By Vivian Collings
I will likely only use the adjectives favourite and sad, together, to describe one noun: Remembrance Day.
It has always been one of my favourite days. It has also, naturally, always been one of the saddest days.
It’s not a particularly enjoyable day; it’s actually pretty uncomfortable to feel such a collective sadness, but, it’s one of my favourites because it’s important. It’s special.
It’s a national memorial day observed in the entire Commonwealth to honour members of the armed forces.
But, to everyone within those countries, it’s also much more personal than that.
Everyone likely either knows someone, has a family member, or has perhaps even served themselves, in the armed forces.
With it being a collective day of mourning and remembrance, we all have individual people that we will be thinking of during the moment of silence at 11 a.m. on Friday.
For my whole childhood, my dad was a staff officer with the local army cadet corps. Every Remembrance Day, he would put his grandfather, my great-grandfather’s, medal from the Second World War in the pocket of his uniform, covering his heart.
My great-grandfather was part of the Home Guard in England during the Second World War. I never got to meet him, but my grandpa, his son, lived through the war in England during that time. He remembers explosives and weapons being stored on their family farm and participating in air raid drills at school.
Can you imagine?
I recently saw my other grandparents, and we spoke about Remembrance Day.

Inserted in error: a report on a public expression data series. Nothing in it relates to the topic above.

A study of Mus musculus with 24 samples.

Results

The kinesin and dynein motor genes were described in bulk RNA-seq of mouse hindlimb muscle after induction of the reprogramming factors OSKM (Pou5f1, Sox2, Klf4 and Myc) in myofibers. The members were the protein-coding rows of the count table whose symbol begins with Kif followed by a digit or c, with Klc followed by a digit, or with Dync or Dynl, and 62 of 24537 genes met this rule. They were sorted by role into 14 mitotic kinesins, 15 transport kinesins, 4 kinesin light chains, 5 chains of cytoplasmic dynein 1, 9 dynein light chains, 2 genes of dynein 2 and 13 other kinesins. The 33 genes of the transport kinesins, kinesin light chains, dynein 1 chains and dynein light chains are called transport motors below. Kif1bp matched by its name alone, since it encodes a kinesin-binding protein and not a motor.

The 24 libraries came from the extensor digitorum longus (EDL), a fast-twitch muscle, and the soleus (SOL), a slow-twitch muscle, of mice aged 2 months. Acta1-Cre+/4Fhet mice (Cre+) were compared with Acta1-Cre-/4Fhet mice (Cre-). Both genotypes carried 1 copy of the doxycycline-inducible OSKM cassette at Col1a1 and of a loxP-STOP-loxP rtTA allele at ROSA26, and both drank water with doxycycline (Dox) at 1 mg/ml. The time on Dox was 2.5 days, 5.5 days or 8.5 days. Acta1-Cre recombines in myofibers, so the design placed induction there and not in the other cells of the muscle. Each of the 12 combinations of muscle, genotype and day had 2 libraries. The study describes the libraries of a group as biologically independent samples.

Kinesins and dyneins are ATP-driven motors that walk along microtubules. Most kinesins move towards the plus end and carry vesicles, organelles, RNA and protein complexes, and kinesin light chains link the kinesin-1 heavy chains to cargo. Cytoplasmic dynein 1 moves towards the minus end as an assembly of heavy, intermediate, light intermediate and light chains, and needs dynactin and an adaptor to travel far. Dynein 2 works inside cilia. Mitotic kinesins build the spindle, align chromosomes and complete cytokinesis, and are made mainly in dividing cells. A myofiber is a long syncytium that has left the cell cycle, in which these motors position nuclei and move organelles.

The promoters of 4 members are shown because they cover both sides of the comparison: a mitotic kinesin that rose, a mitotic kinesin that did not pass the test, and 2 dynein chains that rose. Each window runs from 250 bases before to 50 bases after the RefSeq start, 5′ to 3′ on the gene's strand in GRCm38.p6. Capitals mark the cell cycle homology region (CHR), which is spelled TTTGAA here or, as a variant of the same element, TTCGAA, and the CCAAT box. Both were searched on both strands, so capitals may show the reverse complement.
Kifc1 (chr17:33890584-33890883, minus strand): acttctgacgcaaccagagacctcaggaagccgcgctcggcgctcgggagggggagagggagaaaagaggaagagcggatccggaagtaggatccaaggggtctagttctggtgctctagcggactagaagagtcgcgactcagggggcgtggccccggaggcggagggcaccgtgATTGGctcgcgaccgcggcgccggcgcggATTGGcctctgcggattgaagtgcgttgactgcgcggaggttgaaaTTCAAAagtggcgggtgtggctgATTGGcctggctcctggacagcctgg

My grandpa said, “It’s such an important day, but it’s sad. Really sad.”
He explained how his great-grandfather served in the trenches of the First World War, and then his father went on to become a truck driver for almost the entirety of the Second World War.
When his dad returned home in 1945, my grandpa met him for the first time as an almost four-year-old.
Speaking to local veterans over the past week, I’m also overwhelmed with respect for their resilience.
For those of us today who haven’t experienced war or conflict, I think it’s important to welcome discomfort on Nov. 11.
It feels like the least we can do.
I joined Army Cadets when I was 12, so I got to march with my dad in the Haliburton Remembrance Day Parade for the proceeding five years.
I have to admit that as a teenager, I definitely grumbled on the years that the temperature was around freezing.
I needed reminding then, so he would tell me to think about what soldiers in the World Wars had to endure as I stood on Highland Street in the cold.
I know I will, hopefully, never fully understand the relentless distress of war, but my temporary discomfort always gave me necessary perspective.
I’m not in cadets anymore, and my dad has retired as a staff officer, but I still make sure I attend a Remembrance Day service wherever I am, and I know my dad will, too, with that medal in his pocket.
If you’re able, I hope you attend a service on Nov. 11, too.
We get to live our regular lives every day because of the unfathomable things previous generations endured and fought.
Let’s make sure to wear our poppies this week and embrace the discomfort we feel to remember and thank those people.